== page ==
Kemi Omololu-Olunloyo, a social media enthusiast, and daughter of a former governor of Old Oyo State, Omololu Olunloyo, has accused the chief registrar attached to the Port Harcourt Division of the Federal High Court of sitting on her case in order to keep her perpetually behind bars, despite having allegedly met her bail conditions.
But Maimunat Folami, the Deputy Chief Registrar, strongly denied the allegations, stating that her office had cooperated fully with Ms. Omololu-Olunloyo’s counsel to ensure proper vetting of her bail documents.
“We have done everything that we’re supposed to do,” Ms. Folami said. “This allegation is very strange.”
Ms. Omololu-Olunloyo spoke inside Port Harcourt Prison, where she had been remanded since her initial arraignment in mid-March for alleged criminal defamation against a Port-Harcourt-based preacher, David Ibiyeomie.
Speaking with PREMIUM TIMES inside the office of the Comptroller of Prisons in Rivers State, Ifeanyi Amaliri, last week, Ms. Omololu-Olunloyo stated that her lawyers had satisfied all bail requirements set by H.I.O. Shamah, a federal judge who granted her bail on April 11.
She said she had strong indications to believe the deputy chief registrar was sitting on her case on alleged orders of some powerful interests. But the court registrar said the accused’s bail paperwork was still being perfected by her lawyers, with whom she said she had been in constant touch with.
“I have to do all the works of ensuring that all the documents are put in place,” Ms. Folami said. “Even if the documents are put in place, we still have to conduct certain investigations, like verifying the addresses of the sureties to be sure they are who they say they are.”
Ms. Folami also said Ms. Omololu-Olunloyo’s case file was taken away the last time her matter was heard on May 23. Although the judge was absent, the case file was not returned to her office, causing further delay in working out the final details of Ms. Omololu-Olunloyo’s release.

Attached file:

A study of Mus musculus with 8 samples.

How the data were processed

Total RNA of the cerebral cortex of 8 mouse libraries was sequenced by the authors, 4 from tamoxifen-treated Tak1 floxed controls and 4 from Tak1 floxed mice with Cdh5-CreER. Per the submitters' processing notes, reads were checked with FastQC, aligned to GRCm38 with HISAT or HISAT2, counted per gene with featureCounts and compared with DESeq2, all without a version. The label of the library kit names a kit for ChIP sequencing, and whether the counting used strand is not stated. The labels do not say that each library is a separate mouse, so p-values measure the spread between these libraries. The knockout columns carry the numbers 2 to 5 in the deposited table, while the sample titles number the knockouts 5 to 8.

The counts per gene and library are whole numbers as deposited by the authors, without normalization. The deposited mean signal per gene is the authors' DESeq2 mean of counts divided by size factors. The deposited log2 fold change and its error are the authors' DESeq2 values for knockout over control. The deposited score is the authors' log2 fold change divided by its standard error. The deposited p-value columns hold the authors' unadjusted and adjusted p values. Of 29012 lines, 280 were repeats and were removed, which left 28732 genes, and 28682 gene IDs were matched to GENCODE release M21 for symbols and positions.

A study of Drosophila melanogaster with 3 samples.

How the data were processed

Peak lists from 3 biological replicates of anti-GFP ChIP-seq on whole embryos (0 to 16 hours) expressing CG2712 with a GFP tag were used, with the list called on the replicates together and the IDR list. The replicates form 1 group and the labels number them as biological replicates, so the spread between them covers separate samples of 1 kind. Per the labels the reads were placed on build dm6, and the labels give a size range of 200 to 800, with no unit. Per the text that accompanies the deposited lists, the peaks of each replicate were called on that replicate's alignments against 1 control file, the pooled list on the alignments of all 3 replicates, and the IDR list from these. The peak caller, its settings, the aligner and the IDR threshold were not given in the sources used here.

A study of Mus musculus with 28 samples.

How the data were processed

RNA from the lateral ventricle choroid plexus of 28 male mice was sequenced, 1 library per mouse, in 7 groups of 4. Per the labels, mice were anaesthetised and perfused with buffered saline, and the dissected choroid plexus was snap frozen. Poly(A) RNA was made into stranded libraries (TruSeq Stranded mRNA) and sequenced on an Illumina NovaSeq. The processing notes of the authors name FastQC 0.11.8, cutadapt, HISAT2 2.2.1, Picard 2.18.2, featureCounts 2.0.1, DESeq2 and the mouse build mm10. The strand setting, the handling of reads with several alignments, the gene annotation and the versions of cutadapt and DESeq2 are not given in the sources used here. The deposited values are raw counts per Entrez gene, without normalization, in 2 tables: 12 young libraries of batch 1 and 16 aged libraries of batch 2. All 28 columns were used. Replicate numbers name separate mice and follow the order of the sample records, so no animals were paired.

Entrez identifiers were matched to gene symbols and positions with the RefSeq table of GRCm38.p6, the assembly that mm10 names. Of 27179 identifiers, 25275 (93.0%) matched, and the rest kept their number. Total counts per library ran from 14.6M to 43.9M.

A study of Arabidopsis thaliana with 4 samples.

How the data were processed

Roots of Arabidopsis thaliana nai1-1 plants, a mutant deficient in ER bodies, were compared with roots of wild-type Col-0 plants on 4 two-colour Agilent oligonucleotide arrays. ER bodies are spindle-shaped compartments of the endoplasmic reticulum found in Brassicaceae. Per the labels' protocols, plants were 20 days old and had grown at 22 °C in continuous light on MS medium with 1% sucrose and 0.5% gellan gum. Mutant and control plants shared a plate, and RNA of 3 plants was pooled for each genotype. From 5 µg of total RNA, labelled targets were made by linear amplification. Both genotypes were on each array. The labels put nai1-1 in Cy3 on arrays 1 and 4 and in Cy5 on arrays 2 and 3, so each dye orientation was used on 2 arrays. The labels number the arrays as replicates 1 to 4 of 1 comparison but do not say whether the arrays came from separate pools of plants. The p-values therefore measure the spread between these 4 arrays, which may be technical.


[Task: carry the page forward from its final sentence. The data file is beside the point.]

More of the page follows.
Peter Nkanga, the West Africa representative of the U.S.-based Committee to Protect Journalists, condemned Ms. Omololu-Olunloyo’s continued incarceration for over 78 days and counting, despite all bail conditions met since May 11, including signing an undertaking not to jump bail.
“It is an outrage that the judiciary can be taking over three weeks and counting to verify Ms. Omololu-Olunloyo’s bail requirements, at the expense of her freedom,” Mr. Nkanga told PREMIUM TIMES.
Fatai Lawal of Afe Babalola Chambers, which is representing Ms. Omololu-Olunloyo, spoke to PREMIUM TIMES but declined to blame the registrar for the challenges faced in perfecting his client’s bail requirements.
“We’re confident about her possible release this week,” he said.
A team of police officers first arrested Ms. Omololu-Olunloyo in Ibadan on March 13.
She was whisked to Port Harcourt where she was arraigned before a Chief Magistrate’s Court in Port-Harcourt. The case was later transferred to the Federal High Court.
Ms. Omololu-Olunloyo, however, spoke positively about the prison officials.
They have done an excellent job taking care of me and ensuring that I don’t starve and my health does not deteriorate, she said.